The law says that if a foreign worker is terminated within six months of starting a job in Singapore, the Singapore agent who placed him or her in that job shall refund 50 percent of the fees to the worker (Employment Agencies Rules 2011, section 13). Two recent cases seen by Transient Workers Count Too demonstrate that reality is far different.
Wang Beiyun (not her real name) paid her agent in Jiangxi 30,000 yuan (about S$6,000) for a job in Singapore, packing vegetables. She was promised that the job would pay $1,000 per month. She came to Singapore, leaving behind two children aged 16 and 13, and started work on 10 September 2012.
At first, things were exactly as promised. She found herself cellophane-wrapping vegetables for delivery, and was paid a basic salary of $650 with monthly allowances of $150 for overtime and $200 for housing.
Then, just short of six months into her job, she was told that her performance was “not good enough” and given a termination letter. Wang was devastated and didn’t know who to turn to for help. She had not yet earned enough to cover the 30,000 yuan she had paid to get the job. Fortunately, one of her friends was already a worker known to TWC2, and he mentioned her problem to us. She soon came on her own to our office.
Her case is a typical one, paying a large sum of money to agents for a job of no guaranteed duration. The employer had the right to terminate and, to be fair to employers, why not? Surely employers have a right to terminate workers who don’t perform.
The only thing she was entitled to was a refund of fifty percent of the Singapore employment agent’s fee. However, here is where the lack of documentation is a problem. Typically, migrant workers use an agent in their home country, not an agent in Singapore. In Wang’s case, while her China agent collaborated with a Singapore agent to locate a job for her, she was not privy to the arrangements between the two agents. What portion of the 30,000 yuan that she paid in China went to the Singapore agent? Without knowing (and being able to prove) this, how could the 50-percent refund be calculated?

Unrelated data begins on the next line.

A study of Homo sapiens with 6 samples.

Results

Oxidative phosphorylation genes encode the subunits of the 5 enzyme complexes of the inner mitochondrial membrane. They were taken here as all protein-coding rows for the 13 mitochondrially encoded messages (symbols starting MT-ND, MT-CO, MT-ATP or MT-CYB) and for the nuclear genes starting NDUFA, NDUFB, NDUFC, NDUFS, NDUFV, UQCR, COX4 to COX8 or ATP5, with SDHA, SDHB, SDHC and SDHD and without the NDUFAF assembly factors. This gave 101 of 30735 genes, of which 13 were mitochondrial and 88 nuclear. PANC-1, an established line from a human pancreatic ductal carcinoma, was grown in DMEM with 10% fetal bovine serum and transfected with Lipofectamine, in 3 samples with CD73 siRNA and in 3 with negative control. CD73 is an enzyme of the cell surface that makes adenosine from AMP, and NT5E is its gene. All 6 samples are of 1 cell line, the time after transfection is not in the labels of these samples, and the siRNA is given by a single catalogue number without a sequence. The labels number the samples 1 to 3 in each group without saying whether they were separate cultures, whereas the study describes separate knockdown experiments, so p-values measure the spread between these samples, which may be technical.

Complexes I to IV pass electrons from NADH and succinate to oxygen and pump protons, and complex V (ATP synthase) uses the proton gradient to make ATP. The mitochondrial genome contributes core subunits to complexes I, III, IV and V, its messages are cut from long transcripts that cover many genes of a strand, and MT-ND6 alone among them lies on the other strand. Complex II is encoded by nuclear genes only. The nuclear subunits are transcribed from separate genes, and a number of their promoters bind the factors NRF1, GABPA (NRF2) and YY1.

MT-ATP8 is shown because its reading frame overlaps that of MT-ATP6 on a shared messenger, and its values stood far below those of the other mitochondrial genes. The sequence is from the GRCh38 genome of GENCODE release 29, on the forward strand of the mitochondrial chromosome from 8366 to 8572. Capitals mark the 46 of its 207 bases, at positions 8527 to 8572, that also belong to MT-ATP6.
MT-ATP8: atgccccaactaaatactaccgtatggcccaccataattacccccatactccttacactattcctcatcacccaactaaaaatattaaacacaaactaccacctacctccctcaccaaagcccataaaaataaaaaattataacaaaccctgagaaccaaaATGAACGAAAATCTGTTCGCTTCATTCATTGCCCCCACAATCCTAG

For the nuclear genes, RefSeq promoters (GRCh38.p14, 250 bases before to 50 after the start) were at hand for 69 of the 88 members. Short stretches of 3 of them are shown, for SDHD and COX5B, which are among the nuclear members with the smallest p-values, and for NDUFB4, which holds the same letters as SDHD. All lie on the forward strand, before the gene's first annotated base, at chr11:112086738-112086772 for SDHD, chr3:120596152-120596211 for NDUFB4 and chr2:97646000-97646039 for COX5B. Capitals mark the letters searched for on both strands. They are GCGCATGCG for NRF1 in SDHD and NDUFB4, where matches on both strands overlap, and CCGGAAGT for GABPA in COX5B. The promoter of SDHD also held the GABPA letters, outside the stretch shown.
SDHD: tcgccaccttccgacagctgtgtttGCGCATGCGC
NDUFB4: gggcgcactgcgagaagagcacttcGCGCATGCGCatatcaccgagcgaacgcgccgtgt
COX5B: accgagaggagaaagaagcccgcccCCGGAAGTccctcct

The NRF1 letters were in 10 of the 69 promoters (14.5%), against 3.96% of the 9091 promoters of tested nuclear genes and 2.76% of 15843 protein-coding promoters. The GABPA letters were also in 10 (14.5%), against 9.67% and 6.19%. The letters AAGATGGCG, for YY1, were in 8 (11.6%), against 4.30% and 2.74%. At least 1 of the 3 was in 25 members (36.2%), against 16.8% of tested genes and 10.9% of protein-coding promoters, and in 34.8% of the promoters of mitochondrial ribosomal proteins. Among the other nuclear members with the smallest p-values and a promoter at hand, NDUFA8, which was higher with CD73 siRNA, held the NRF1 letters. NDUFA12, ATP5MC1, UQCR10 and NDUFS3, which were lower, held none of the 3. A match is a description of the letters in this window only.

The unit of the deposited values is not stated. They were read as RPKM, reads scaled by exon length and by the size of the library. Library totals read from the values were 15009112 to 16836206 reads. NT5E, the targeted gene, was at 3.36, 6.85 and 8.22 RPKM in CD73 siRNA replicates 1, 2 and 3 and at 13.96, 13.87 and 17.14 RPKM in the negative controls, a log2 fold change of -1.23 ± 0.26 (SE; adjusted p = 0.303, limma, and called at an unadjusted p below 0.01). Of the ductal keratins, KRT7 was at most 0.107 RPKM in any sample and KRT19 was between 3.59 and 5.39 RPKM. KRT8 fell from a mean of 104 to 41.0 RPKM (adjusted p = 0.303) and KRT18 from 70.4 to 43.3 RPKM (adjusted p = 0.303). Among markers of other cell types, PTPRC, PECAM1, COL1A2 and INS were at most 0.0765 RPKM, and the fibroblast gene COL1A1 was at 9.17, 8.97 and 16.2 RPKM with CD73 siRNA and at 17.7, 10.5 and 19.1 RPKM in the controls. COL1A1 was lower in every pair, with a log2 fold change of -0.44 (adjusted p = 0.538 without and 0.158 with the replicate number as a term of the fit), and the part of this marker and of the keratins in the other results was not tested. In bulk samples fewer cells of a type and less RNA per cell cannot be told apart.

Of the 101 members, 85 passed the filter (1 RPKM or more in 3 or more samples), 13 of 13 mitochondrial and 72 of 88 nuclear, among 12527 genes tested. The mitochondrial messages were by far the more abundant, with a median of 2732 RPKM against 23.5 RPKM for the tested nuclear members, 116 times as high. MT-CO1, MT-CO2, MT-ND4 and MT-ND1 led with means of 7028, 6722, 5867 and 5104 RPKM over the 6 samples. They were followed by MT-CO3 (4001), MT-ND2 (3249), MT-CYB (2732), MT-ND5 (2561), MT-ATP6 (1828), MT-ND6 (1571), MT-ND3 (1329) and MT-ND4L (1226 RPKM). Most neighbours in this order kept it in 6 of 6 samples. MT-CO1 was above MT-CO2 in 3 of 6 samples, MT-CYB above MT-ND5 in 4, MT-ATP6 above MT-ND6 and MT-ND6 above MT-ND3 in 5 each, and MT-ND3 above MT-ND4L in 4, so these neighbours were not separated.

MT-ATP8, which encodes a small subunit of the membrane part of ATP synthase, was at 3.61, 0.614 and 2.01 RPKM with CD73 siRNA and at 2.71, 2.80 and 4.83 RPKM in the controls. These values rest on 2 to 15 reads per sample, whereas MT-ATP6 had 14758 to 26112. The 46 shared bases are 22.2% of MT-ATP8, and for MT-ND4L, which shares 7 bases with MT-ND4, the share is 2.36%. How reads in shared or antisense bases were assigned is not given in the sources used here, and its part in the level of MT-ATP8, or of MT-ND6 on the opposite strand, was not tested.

TWC2 advised her that her lack of documentation would be a major stumbling block.
Jiangsu native Li Guomu, 25, (not his real name) had a similar problem to Wang. He was terminated within one month of starting his job. He too had paid 30,000 yuan to an agent in Shandong for an S-Pass job as a carver of fengshui installations (miniature mountains and waterfalls), but his boss was shocked that he had no relevant skills at all.
Li’s training had been at a hotel and catering school.
He took this fengshui-making job only because he was promised a good salary, more than he could make in the hospitality industry in China. It appears that there was some serious miscommunication between the agent in China and the boss in Singapore, to put it mildly, as to his suitability for the job — but that is not the point of this story. Nevertheless, once terminated, Li found himself in the same financial hole as Wang. He did not have any documents showing how much the Singapore agent was paid. Claiming a 50-percent refund would be difficult.
As it turned out, both Wang and Li came through the same Singapore agent. After much pleading from Wang, the agency offered her a $600 refund as a goodwill gesture, but by this point, she had learnt that her China agent had remitted 22,000 yuan (S$4,400) to the Singapore agent. Believing (without proof) that this sum was what the Singapore agent profitted from her, she became adamant that she should be getting half of that ($2,200) as refund.
TWC2 tried our best to explain to her that without formal documents, it will be hard for her to get her way.
Li did not even get a goodwill offer. However, he managed to find another job in Singapore – as an S-Pass holder it is possible for him to change jobs here. Nonetheless, he has to write off the 30,000 yuan he paid his agent for the first job.
The issue revealed by these two cases is a common one. Although the law says that if a worker loses his job within six months, Singapore agents must refund half the fee, in practice it doesn’t work out that way for lack of documentation. Low-wage migrant workers do not deal with Singapore employment agents – they deal with home country agents – and therefore do not know how much the Singapore agent was paid. Although the Ministry of Manpower’s online application form for work permits asks for a declaration as to the Singapore agent’s fee, this does not appear to be a mandatory field. In any case, how does one know whether the figure declared is genuine? Wouldn’t there be every incentive to under-declare, in order to limit refund liability?
This is a problem that needs a thorough review.